A false balance is an abomination to Yhwh, but an accurate weight is his delight. (Proverbs 11:1)

Grading papers is among the most difficult parts, and is certainly the least pleasurable part, of my generally agreeable job as a professor.

It is difficult because one must pay close attention to the various qualities, measured along various axes, one is assessing in a piece of written work, re-setting one’s mental adjudicator with the beginning of each new paper. No matter how clichéd the prose (and it’s usually clichéd: there isn’t much truly original writing among students who are, after all, trying to write in imitation of the scholars they admire), how familiar the territory (which is pretty darned familiar, of course, or I shouldn’t be charged with grading the papers), how irritating the recurring flaws (“Really? You don’t know how to use commas parenthetically? You haven’t bothered to look up the correct punctuation for a footnote? Really?”), the grader has to hew rigorously to a consistent standard, avoid giving in to surges of emotion (“That’s pretty funny!” “Hmm, that was frustratingly obscure…” “You’re clearly a lazy idiot and deserve a good smiting”) and provide not only both encouraging and critical words, but also a final, cumulative grade. “On the whole, all things considered, this paper deserves a ___.”

It’s tough work, then, sorting all this stuff through, paper after paper (and after about 10 papers, the eyes and the mind glaze over in sheer self-defence). But it’s crucial work, among the most important things we do as educators. Students need us to tell them the truth: How good was my assignment? How does my work stack up against that of my peers in this course of study? Am I truly getting it or not? Is this subject the path I might follow for a career, a pleasant educational digression, or a pit of frustration I ought subsequently and forever to avoid?

To “use” a grade, therefore, for any other purpose than to tell students the truth about the quality of their work is to use a false balance.

It is abominable, that is, to grade harshly, as some professors do, in a pose of machismo: “I’m the roughest, toughest hombre in this here department.” (Uh, get some therapy, man, and stop taking out your insecure overcompensation on your students.)

It is abominable to play favourites, to reward any other behaviour than the behaviour of putting forward a good paper. (I refer not only to various degrees of hanky-panky—or worse. One of my professors was notorious for refusing to grant an “A” to any student who didn’t major in his own field.)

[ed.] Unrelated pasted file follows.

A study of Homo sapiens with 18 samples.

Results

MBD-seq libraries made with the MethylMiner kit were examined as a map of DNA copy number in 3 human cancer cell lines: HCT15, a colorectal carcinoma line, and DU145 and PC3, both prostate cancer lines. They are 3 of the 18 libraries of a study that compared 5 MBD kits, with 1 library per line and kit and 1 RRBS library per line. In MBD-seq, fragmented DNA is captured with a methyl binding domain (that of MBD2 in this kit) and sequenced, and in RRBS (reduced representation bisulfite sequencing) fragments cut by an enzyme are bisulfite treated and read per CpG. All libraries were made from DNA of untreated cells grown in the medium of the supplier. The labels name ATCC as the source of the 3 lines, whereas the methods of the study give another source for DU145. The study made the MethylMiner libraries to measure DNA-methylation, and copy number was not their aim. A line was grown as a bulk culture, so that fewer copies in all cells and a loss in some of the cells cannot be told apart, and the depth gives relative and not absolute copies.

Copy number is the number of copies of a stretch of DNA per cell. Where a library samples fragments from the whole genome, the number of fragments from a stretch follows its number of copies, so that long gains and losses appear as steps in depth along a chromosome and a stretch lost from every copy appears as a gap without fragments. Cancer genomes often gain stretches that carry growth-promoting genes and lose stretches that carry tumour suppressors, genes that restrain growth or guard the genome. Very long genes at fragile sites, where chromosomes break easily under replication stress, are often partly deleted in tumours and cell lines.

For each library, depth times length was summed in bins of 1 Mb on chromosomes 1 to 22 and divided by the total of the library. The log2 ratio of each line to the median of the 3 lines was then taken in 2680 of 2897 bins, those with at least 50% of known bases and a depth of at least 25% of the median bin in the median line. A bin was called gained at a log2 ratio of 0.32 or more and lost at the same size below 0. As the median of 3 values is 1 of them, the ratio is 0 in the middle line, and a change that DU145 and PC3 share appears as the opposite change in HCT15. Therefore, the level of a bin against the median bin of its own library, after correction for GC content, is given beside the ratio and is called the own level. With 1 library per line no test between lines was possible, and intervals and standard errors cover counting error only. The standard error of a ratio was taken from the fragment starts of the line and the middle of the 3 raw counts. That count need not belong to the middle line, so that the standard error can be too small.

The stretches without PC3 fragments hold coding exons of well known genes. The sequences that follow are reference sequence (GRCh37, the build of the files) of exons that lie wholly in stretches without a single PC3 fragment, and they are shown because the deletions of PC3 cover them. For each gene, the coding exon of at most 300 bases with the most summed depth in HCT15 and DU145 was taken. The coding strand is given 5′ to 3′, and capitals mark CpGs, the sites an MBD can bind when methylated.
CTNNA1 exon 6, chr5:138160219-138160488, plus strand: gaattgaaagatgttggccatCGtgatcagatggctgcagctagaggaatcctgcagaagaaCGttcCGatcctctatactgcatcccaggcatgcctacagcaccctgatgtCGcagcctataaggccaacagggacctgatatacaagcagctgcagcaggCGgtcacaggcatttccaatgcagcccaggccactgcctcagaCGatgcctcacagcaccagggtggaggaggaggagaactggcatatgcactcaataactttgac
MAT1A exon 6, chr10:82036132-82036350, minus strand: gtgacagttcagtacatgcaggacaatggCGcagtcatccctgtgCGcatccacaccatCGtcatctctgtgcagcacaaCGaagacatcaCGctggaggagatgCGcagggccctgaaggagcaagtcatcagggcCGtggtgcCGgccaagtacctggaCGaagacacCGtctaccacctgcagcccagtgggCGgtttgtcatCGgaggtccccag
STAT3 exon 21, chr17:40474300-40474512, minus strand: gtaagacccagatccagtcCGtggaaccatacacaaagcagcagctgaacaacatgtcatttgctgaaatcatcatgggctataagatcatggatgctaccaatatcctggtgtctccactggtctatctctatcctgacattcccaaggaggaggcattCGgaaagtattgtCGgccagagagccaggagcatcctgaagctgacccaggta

It is abominable to grade lightly in order to curry more positive student evaluations in hopes of strengthening one’s professional profile toward re-hiring or tenure. (Students don’t always give higher grades to professors they sense are cynical toward them, so beware this nasty little tactic.)

It is abominable also, however, to confuse grading with other legitimate modes of education, such as encouragement, sympathy, or compensation. “It’ll make this student feel particularly badly to get less than a ___ on this assignment. He’s been going through a romantic break-up/his heart is set on becoming a scholar/his parents will kill him if he doesn’t succeed/he’s worked so hard on this thing/he didn’t get that scholarship.” (So we’ll lie to him? Lovingly?)

Psychiatrist M. Scott Peck reminds us in The Road Less Traveled that mental illnesses are, essentially, one or another way of dodging reality. Mental health, by contrast, is taking it on: facing up to what is the case and making good decisions in the light of it.

Professors who give anything other than utterly true grades are failing to give students the crucial gift of reality: This is truly what I think of what you’ve done. I might be wrong, of course, and another expert might see it differently. But you’re paying me your money, time, attention, and respect in the hope of receiving from me not only reliable information about the subject and its required skills, yes, but also my judgment about your work as you respond to the challenges of the course. For me to deliberately mislead you is simply to fail in my job. It’s malpractice.

Most professors with whom I have worked truly love giving high grades and hate giving low ones. Very good work is simply more pleasant to encounter, of course, whether it’s in a course paper or in a student violin recital. But it also is truly painful to have to assess substandard work and name it as such. No one is indifferent to receiving a low grade and we professors all know that. Only to students who have been true nuisances do we enjoy giving bad grades—and (I’ll tell you a secret) even then, as soon as we do, we usually feel sad for such a student who is clearly so unhappy that he or she has chosen to lash out at us, and the educational opportunity we represent, instead of embracing what we have worked hard to offer him or her.

Our pain in offering bad grades, however—including, yes, the pain of anticipating those tense confrontations in the office afterward, which are “fun” only for the bellicose or sadistic—simply cannot justify rendering any other judgment than what our professional training says we ought to render. The world, and each of our students, needs all the truth it can get.

Yes, we professors should couch our judgments in encouraging language. Yes, we likely could do more to approve what is good rather than focus entirely on what is deficient. Yes, we certainly must take the trouble to make clear just why the grade is what it is, or students can learn very little from the process or the judgment.

But we must give a dependable, truthful bottom line, just as we insist our accountants do, or our judges, or our physicians.

To do otherwise, for whatever motives, is Biblically abominable.